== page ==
By Michal Lev-Ram
Mention Motorola and most people think cell phones. But if speculation that the company might say goodbye to its phone business proves true, Motorola will lose its core brand.
What would a Razr-less Motorola do? While its best known for phones, which account for about two-thirds of revenues, the embattled company has two other big business units: Enterprise mobility, which sells radios to the government, and home and networks mobility, which makes cellular infrastructure equipment and cable set-top boxes, among other products. And unlike its cell phone unit — which last quarter incurred an operating loss of $138 million — some of these other businesses are actually showing strong growth.
That’s why some analysts (and activist investor Carl Icahn) argue that hanging up on the cell phone business could benefit Motorola (MOT) shareholders. Case in point: While phones sales were down 36 percent last quarter compared to the previous year, sales of home and networks mobility products were up 6 percent and the enterprise mobility solutions business was up 47 percent.
“Motorola does have a leadership position in several markets,” notes Lawrence Harris, an analyst with Oppenheimer & Co.
Of course, not all of Motorola’s secondary businesses are booming. Ping Zhao, a senior analyst with CreditSights, says sales of cellular infrastructure equipment are in an industry-wide slump. Still, she puts Motorola’s total value without its handset business, at about $29 billion.
“Without the handsets you’ve got some businesses that are very interesting and very strong,” says Zhao. “Basically, the sum of its parts is greater than than its stock price would suggest.” Though Zhao says breaking up the company would be advantageous from a shareholder’s perspective, she adds that it’s not clear what it would mean for Motorola in the long run.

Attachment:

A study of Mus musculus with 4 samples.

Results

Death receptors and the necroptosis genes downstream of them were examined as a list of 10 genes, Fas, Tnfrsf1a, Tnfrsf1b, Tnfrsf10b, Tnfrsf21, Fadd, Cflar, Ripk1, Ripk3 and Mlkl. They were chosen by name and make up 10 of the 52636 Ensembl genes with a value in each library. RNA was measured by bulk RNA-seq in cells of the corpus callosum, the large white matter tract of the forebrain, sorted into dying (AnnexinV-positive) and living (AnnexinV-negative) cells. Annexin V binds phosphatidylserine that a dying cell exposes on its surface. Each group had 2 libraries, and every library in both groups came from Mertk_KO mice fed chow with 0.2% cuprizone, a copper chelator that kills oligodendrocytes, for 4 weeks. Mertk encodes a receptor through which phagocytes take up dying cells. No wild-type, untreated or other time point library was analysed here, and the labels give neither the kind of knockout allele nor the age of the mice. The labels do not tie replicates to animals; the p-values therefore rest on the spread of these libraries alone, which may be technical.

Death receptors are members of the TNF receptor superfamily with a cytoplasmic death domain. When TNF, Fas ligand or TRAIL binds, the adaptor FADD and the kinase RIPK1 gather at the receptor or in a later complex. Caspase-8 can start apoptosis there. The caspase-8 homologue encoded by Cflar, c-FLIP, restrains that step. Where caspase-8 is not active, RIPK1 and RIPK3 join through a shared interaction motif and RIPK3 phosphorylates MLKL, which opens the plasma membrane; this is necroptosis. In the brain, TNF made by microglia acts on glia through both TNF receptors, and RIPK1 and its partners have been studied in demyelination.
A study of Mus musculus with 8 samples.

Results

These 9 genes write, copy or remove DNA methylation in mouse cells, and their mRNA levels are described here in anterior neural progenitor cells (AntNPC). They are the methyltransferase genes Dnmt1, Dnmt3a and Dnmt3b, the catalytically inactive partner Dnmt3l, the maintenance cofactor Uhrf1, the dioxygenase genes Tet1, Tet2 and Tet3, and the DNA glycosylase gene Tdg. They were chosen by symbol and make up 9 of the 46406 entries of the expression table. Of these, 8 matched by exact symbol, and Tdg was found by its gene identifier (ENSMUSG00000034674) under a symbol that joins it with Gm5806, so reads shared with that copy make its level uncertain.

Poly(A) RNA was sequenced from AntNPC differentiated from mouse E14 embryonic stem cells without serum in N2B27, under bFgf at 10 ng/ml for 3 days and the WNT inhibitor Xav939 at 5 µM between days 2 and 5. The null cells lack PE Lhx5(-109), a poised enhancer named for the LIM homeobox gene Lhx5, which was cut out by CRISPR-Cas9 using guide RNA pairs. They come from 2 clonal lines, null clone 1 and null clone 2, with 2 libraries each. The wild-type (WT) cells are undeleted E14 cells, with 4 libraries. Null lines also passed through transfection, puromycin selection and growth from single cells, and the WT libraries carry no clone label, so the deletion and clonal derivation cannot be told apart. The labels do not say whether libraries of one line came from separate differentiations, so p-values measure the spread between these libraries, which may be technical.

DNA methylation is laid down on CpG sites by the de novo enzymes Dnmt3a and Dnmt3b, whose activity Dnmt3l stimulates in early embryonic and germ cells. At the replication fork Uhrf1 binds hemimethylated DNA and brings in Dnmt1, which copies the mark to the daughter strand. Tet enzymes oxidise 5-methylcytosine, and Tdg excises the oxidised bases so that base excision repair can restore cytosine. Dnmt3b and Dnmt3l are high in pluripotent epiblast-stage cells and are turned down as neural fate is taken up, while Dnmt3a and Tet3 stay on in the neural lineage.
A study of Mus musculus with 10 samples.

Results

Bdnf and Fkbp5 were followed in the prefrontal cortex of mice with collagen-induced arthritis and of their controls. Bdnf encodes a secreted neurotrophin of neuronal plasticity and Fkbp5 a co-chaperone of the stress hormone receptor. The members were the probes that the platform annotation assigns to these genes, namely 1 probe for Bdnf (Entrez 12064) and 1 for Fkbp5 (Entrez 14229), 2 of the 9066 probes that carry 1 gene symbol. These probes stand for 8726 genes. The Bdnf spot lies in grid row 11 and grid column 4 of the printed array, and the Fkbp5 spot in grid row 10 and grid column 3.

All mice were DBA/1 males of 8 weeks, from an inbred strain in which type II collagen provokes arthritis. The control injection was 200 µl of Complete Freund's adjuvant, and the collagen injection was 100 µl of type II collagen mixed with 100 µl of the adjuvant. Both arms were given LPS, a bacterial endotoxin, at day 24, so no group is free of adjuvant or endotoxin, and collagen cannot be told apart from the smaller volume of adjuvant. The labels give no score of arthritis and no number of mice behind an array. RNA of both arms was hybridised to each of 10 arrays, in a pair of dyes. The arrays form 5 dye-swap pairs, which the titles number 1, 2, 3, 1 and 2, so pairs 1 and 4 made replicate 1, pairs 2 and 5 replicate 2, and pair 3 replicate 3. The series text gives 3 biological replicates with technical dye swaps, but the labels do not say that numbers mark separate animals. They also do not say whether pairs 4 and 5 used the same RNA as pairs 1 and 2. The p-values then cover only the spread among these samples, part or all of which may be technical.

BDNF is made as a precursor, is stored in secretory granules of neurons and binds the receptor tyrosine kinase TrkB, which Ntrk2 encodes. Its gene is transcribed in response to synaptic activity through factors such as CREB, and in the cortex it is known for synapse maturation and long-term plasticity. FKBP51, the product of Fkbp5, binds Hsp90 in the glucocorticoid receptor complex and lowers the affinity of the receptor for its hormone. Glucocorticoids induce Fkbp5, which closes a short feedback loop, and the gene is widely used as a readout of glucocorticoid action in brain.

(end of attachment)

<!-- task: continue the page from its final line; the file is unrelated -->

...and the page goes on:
Motorola declined to comment on whether it would consider selling off its phone division.
Icahn recently claimed that doing so would produce almost $20 billion of additional shareholder value. The company’s third-largest shareholder has been pushing to split up the company since the Razr started its downward spiral. Former CEO Ed Zander opposed Icahn’s plan but new chief executive Greg Brown may be more amenable to making changes.
“While I do think the new CEO is going to take the opportunity to review the company’s portfolio, I would be surprised if we were to see significant action in the near term,” says Harris, the Oppenheimer & Co. analyst.
One of the reasons Motorola might be reluctant to sell its mobile devices unit, says Harris, is that it has synergies with other businesses within the company, such as cellular infrastructure equipment.
But last week acting Motorola finance chief Tom Meredith opened the door slightly by telling a group of investors that while Motorola could remain intact, “A change in circumstance sometimes requires a change in action. So I will leave it at that.”
Changing circumstances are the nature of the wireless market. Just two years ago, everyone wanted to own a super-thin Razr. But then competitors caught up with the clamshell phone while Apple (AAPL), Nokia (NOK) and other phonemakers started coming out with multimedia devices that left Motorola in the dust.
Of course, the company founded in 1928 as a manufacturer of in-car radios and other products has played a key role in the development of cell phones and has bounced back before. If the handset business stays with the company, it’s not impossible the phonemaker could regain its former glory.